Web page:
GO
Loading...

Enter multiple symbols separated by commas

Oil Loses 2% on Profit Taking; Refinery Issues Prop up Gasoline

Crude oil futures fell more than a dollar as traders took profits ahead of fresh oil inventory data due Wednesday and following Monday's sharp price rise on worries about supply disruptions in the wake of Nigeria's disputed presidential election.

On the New York Mercantile Exchange June crude dropped $1.31 or 2% to settle at $64.58, trading from $64.10 to $66.30.

In London, June Brent crude was also down more than $1, well off session highs of $68.55.

"It looks like profit-taking, from my vantage point," said Jim Ritterbusch, president of Ritterbusch & Associates, in Galena, Ill.

"We're seeing retracement of strong gains yesterday," said Antoine Halff, head of energy research at Fimat USA.

Oil jumped on Monday after Nigeria's ruling party's candidate Umaru Yar' Adua was declared the winner of the presidential poll. Observers and opposition groups said the result was manipulated through violence and rigging.

Analysts raised concerns over the potential for more violence against the oil industry, which has already curbed about 20% of the OPEC nation's total output.

"The fear of renewed supply disruption is prompting traders to buy first and ask questions later," said Olivier Jakob of Swiss-based oil consultants Petromatrix.

U.S. prices have been pressured by a glut of crude in the Midwest, creating an unusual discount to Brent oil. A string of refinery problems in the region could lower demand and help
build stocks further

Refinery snags and inventory concerns kept refined products supported.

NYMEX May RBOB gasoline settled up 1.82 cents or 0.8% at $2.2089, trading $2.1689 to $2.2449.

NYMEX May heating oil lost 4.83 cents or 2.6% to settle at $1.8460, trading $1.8391 to $1.8968.

Full production may not resume for months at BP's Whiting, Indiana, refinery, a BP source said today.

Production at the 420,000-barrel-per-day refinery has been cut to around 200,000 bpd due to operational issues, BP said in a statement.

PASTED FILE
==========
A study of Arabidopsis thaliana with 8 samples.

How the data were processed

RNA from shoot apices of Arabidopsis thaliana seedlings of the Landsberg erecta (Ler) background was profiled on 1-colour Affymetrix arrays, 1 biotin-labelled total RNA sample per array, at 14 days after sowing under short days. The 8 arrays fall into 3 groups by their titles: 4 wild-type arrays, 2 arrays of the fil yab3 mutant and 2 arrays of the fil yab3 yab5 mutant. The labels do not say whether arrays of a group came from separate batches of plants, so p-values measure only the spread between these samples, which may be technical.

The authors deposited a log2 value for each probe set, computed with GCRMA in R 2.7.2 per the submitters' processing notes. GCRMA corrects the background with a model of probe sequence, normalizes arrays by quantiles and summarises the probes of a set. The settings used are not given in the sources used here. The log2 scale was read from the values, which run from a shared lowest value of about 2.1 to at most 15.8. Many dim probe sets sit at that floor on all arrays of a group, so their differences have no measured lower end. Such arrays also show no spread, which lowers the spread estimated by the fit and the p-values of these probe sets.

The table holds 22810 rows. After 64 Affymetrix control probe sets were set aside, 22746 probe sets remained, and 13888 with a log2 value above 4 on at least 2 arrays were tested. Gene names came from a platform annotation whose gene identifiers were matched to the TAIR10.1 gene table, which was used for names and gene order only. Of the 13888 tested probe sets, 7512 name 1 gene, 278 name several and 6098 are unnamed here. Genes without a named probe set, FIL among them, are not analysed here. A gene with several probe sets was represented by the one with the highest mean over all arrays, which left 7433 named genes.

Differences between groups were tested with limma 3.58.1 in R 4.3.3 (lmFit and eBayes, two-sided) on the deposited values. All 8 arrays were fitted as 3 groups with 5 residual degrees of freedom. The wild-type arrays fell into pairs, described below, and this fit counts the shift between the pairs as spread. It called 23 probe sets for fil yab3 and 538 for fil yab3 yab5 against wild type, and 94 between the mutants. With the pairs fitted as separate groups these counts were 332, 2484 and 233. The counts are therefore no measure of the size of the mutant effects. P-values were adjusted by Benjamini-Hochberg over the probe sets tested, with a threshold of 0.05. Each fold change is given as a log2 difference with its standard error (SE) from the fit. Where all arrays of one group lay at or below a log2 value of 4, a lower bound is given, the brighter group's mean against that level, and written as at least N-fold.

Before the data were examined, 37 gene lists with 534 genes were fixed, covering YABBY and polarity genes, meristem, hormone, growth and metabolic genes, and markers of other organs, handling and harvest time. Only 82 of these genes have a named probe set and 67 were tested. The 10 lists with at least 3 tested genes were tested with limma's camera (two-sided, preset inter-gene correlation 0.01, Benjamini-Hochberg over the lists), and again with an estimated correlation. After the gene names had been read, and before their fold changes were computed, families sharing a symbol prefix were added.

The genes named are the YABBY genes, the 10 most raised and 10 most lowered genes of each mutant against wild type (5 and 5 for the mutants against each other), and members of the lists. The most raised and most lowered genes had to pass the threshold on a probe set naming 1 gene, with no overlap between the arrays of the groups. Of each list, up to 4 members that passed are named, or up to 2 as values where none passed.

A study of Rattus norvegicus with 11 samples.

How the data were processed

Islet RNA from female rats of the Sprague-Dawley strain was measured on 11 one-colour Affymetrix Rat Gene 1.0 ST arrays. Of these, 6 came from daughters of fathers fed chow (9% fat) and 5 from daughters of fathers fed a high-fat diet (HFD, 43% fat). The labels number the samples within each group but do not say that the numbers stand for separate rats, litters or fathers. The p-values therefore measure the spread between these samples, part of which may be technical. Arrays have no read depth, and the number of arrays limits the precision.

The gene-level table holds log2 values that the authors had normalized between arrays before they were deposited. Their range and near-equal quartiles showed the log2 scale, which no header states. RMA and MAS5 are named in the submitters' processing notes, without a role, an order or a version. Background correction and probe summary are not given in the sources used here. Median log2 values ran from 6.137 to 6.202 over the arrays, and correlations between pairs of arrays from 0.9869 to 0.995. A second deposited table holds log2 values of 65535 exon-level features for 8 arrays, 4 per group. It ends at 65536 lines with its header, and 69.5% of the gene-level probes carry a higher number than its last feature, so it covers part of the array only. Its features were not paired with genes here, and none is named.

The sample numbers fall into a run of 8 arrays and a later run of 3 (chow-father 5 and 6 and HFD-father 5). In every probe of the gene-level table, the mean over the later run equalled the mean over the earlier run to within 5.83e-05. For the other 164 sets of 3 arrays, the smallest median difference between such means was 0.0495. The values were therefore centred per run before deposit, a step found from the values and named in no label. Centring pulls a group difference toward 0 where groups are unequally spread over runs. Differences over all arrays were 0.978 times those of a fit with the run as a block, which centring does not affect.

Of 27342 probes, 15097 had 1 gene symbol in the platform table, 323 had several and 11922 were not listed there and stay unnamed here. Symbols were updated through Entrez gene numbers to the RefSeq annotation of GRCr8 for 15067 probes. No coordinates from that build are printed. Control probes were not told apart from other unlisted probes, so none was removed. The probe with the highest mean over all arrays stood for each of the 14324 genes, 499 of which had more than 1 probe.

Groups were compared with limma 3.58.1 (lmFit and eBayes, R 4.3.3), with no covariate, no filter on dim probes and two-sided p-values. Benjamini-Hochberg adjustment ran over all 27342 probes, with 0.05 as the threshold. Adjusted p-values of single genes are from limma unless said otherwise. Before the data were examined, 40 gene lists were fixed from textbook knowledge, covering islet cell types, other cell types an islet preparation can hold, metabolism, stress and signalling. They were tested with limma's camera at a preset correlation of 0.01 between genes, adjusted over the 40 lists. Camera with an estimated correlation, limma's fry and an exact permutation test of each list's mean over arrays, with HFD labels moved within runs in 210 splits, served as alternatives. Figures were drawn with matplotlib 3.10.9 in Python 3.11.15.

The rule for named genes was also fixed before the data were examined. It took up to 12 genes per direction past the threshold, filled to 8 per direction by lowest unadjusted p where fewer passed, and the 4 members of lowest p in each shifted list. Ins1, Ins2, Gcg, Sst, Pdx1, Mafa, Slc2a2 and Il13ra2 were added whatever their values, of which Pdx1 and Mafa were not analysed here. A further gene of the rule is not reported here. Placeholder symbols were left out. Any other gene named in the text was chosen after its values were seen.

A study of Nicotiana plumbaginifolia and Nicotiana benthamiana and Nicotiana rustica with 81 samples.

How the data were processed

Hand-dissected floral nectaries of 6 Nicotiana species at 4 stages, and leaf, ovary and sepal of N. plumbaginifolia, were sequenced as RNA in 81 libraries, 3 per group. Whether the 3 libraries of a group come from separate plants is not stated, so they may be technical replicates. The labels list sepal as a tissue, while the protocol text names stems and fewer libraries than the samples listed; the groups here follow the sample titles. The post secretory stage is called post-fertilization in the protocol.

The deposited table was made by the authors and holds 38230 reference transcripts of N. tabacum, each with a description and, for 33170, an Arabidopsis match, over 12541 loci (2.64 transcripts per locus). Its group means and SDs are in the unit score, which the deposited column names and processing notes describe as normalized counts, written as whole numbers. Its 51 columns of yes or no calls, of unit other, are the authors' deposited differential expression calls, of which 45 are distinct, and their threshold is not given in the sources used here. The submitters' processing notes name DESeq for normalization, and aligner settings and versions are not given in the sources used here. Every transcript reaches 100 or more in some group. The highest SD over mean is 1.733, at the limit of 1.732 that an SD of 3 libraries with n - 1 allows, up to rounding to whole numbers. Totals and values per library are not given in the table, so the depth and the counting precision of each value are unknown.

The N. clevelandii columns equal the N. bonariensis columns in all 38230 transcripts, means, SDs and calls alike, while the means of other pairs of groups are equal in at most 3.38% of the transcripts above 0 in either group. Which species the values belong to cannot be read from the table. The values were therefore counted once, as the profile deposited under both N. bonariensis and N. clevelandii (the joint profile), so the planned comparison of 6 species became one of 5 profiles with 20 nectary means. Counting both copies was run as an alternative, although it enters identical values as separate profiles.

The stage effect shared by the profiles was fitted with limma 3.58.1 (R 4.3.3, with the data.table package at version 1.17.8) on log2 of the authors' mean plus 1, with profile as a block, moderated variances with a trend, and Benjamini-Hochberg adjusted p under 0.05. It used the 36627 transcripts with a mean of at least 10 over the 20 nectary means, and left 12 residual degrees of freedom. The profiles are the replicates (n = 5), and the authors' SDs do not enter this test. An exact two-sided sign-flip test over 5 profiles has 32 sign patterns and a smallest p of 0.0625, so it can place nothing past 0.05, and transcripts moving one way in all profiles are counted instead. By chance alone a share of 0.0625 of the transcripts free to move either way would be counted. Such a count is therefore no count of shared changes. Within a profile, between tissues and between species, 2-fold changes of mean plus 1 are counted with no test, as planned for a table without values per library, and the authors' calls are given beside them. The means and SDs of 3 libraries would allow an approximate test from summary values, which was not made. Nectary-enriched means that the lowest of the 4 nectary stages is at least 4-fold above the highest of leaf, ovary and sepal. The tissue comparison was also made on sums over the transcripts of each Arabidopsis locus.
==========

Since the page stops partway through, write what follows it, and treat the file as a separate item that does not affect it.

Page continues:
A new snapshot of U.S. inventories will be available Wednesday morning from the U.S. Energy Information Administration's weekly report.

A Reuters analyst poll on Monday yielded a forecast that crude oil supplies dipped 400,000 barrels last week. Gasoline inventories were expected to be down 100,000 barrels and distillate supply up 500,000 barrels.

Refinery capacity use was expected to be up 0.5 percentage point, contributing to the crude supply dip and after having risen 2.0 percentage points in the previous week as refineries
return from seasonal maintenance.

Contact U.S. News

  • CNBC NEWSLETTERS

    Get the best of CNBC in your inbox

    Please choose a subscription

    Please enter a valid email address
    To learn more about how we use your information,
    please read our Privacy Policy.

Don't Miss

  • Oreo Thins

    Oreos are getting a skinny new look, and its maker says the new cookie is a "sophisticated" snack for grown-ups that isn't meant to be twisted or dunked.

  • Home outdoor shower

    Some projects make more sense to do yourself while others are better left to the experts.

  • Ellen Pao, former junior partner at Kleiner Perkins Caufield & Byers and current CEO of Reddit, arrives at state court in San Francisco in March

    A petition calling for Reddit CEO Ellen Pao to step down has been signed by over 14,000 people who feel she is destroying Reddit.

U.S. Video

  • Health care's urge to merge

    Discussing merger deals in the health care industry, and the impact it could have on patients, with Dr. Scott Gottlieb, AEI Resident Fellow.

  • Innovative investing with Burton Malkiel

    Wealthfront chief investment officer Burton Malkiel of Princeton University, discusses the company's service that is lowering the barrier to entry for investors.

  • The kind of contagion I worry about: El-Erian

    Discussing negotiations on Greece's debt, and the future for the economy there, with Mohamed El-Erian, Allianz Chief Economic Adviser and Former PIMCO CEO.